Christmas is a little bit like an all you can eat buffet. Everything looks so good and before you know it you said yes to far more things than your actual body can handle. Or you time can handle. Or your budget can handle. You get the gist...
The surprising blessing of having five kids in five years is that it constantly forces clarity. When you start knowing you are at capacity it brings sharp focus to what you can take on and actually handle. Which is, of course, almost nothing most of the time.
So we find ourselves with a full house and full hands at the fullest holiday of the year. So how do we do Christmas without going crazy? Well, here are a few yes's and a few no's.
Yes to Advent.
I've talked in length about how this practice saved Christmas for me. I was just a little bit of green fur away from actually being the Grinch. So as a family, we focus on this season as a place of spiritual expectation. Waiting. Hoping.
It sets the tone for a slower more special season. We do a daily practice that involves our head, heart, and hands. We read scripture, sing carols, light candles.
Actually, how about I tell you more about how we practically celebrate Advent as a family later this week?
No to Gifts.
I figured I'd better go ahead and get this one out of the way because it's the shocker. We don't do teacher, coach, extended family gifts. But also? We don't actually do gifts for our kids. (I'll just give you a minute to let that sink in.)
For one, it just doesn't fit our values. But really, the numbers just don't work out either. If each of our children gets only one gift from three sets of grandparents (and "just one" has never happened) we have fifteen new things for our kids to play with. No kid on earth can process 15 things in one month, much less far more than that.
We do fill their stockings with things that are both useful and delightful, but since we just don't have a culture of gifts being the endgame at Christmas, it just really isn't a big deal.
Yes to Gifts.
Wait? What? You just said...
Well, last year my sister-in-law had all the kids draw each others names to make a gift for the one person they drew. Without any prompting or conversation my kids decided to do that again this year. The rules? You must homemake (not buy) a gift for the person you drew, the gift must be about them and not yourself.
Listening to them talk and scheme and pull me aside to bounce ideas is one of my favorite things about the month. There is something beautiful about watching them put so much though and work into giving something to someone else.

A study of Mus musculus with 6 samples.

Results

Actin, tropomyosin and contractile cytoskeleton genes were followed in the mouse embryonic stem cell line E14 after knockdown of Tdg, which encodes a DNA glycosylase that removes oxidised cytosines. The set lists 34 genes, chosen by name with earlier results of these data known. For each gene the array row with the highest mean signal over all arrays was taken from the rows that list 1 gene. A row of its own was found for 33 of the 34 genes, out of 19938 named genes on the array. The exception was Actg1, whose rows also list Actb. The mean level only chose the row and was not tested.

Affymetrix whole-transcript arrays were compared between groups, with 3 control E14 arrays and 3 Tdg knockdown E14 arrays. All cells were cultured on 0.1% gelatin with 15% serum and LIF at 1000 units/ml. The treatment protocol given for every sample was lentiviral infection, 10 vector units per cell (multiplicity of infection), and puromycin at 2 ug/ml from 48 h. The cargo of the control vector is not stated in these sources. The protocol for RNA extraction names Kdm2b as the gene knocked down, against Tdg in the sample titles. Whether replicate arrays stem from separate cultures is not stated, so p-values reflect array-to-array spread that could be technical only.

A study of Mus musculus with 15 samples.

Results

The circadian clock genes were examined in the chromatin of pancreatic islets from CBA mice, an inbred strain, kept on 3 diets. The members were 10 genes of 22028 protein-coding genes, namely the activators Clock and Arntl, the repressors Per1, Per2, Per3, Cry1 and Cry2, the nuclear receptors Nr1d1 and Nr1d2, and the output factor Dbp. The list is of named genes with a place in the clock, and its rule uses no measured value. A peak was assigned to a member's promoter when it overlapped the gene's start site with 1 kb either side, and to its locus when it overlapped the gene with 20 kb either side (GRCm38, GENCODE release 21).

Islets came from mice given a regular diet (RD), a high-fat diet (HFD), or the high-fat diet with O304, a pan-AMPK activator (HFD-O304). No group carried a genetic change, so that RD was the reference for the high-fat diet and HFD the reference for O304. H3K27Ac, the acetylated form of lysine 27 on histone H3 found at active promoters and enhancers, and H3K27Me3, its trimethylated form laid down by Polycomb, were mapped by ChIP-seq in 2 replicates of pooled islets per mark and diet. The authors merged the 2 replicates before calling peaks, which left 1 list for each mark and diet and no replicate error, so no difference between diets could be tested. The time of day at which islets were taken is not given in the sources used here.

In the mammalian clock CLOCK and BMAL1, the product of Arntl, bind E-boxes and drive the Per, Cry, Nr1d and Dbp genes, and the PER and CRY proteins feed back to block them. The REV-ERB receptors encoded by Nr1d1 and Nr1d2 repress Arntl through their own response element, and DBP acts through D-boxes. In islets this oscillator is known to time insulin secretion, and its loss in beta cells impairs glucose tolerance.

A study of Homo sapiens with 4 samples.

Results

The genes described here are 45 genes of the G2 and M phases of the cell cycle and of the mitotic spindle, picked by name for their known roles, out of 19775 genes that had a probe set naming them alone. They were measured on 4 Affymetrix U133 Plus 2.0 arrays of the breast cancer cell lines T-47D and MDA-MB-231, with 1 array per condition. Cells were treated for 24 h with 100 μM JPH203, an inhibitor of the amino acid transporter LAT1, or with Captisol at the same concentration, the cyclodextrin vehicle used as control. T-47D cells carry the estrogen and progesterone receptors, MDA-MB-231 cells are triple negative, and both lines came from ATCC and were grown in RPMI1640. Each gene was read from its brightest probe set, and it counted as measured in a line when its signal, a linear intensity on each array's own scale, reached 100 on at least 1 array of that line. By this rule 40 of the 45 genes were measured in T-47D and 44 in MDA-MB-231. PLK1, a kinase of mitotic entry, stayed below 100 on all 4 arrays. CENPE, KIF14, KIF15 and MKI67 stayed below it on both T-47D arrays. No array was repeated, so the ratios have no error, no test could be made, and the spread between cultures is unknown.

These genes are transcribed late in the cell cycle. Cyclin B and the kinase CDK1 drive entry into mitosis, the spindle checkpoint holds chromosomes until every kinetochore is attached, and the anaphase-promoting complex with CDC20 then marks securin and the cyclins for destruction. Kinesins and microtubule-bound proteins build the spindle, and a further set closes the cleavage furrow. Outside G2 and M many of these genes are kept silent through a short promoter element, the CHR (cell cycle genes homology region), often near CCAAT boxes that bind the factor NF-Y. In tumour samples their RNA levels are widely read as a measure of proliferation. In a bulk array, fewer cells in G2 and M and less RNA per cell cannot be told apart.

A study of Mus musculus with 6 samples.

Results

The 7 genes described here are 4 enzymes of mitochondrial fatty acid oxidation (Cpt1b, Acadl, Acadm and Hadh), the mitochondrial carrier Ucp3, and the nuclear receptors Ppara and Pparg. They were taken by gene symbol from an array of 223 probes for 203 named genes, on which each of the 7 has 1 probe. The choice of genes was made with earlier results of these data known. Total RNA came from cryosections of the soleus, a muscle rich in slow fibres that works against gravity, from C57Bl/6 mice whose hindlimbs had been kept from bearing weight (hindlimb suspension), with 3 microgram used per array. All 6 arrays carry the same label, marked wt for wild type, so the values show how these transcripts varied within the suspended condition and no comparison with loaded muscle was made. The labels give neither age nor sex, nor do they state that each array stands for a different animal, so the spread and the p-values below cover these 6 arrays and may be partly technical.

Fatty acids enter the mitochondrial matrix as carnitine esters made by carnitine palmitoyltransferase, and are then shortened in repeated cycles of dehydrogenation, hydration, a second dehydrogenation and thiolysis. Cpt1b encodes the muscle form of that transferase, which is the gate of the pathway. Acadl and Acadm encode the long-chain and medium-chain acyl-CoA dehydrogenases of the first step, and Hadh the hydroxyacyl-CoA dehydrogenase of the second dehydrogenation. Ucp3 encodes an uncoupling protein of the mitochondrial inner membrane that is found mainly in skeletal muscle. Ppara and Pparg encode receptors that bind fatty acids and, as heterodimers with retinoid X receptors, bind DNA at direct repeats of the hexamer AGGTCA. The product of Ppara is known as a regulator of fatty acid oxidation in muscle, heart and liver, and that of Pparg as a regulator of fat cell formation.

No to Big Events.
It seems like there is some sort of parade, party, light show situation every day of the week in December. I'm not going to lie, they are so tempting for me. In our experience though, they end up being super stressful, a major letdown, or even if they live up to their billing, completely distracting from what we are trying to focus on in this season.
Saying no to things that aren't personal helps us have more time to say yes to things that are. We can help make costumes for the church Christmas show, we can go ahead and have our friends over for a gift exchange, movie night complete with pajamas, popcorn, and Elf? Absolutely.
Yes to Christmas everyday.
We do something Christmas-y everyday in December. Nothing big or over-the-top, most of it is stuff we do to practice advent. Maybe a mug of warm cinnamon milk and a christmas book, baking, tying a couple of sticks together to make a cross to hang on the tree. Once Russ is home in the evening we will pour our cider in to go cups and drive around and look at Christmas lights.
Super simple. Super special. It helps stretch the holiday out a little both so we don't get overwhelmed and go into meltdown mode and so we can savor it for a little longer.
No to traveling.
So we do travel during December, but only during the first half, and never when Russ is off of work. (Read: The weekends.) Those days when we can all be together and at home are off limits. We are happy to go visit relatives and friends other times of the year, in fact, I, personally, love to be on the go. But we decided when we had five kids that trying to hit all the hot spots in one week's time left us exhausted and frustrated.
So tell me, do you have a plan to stay sane during the holidays? How to you keep the crazy out of Christmas?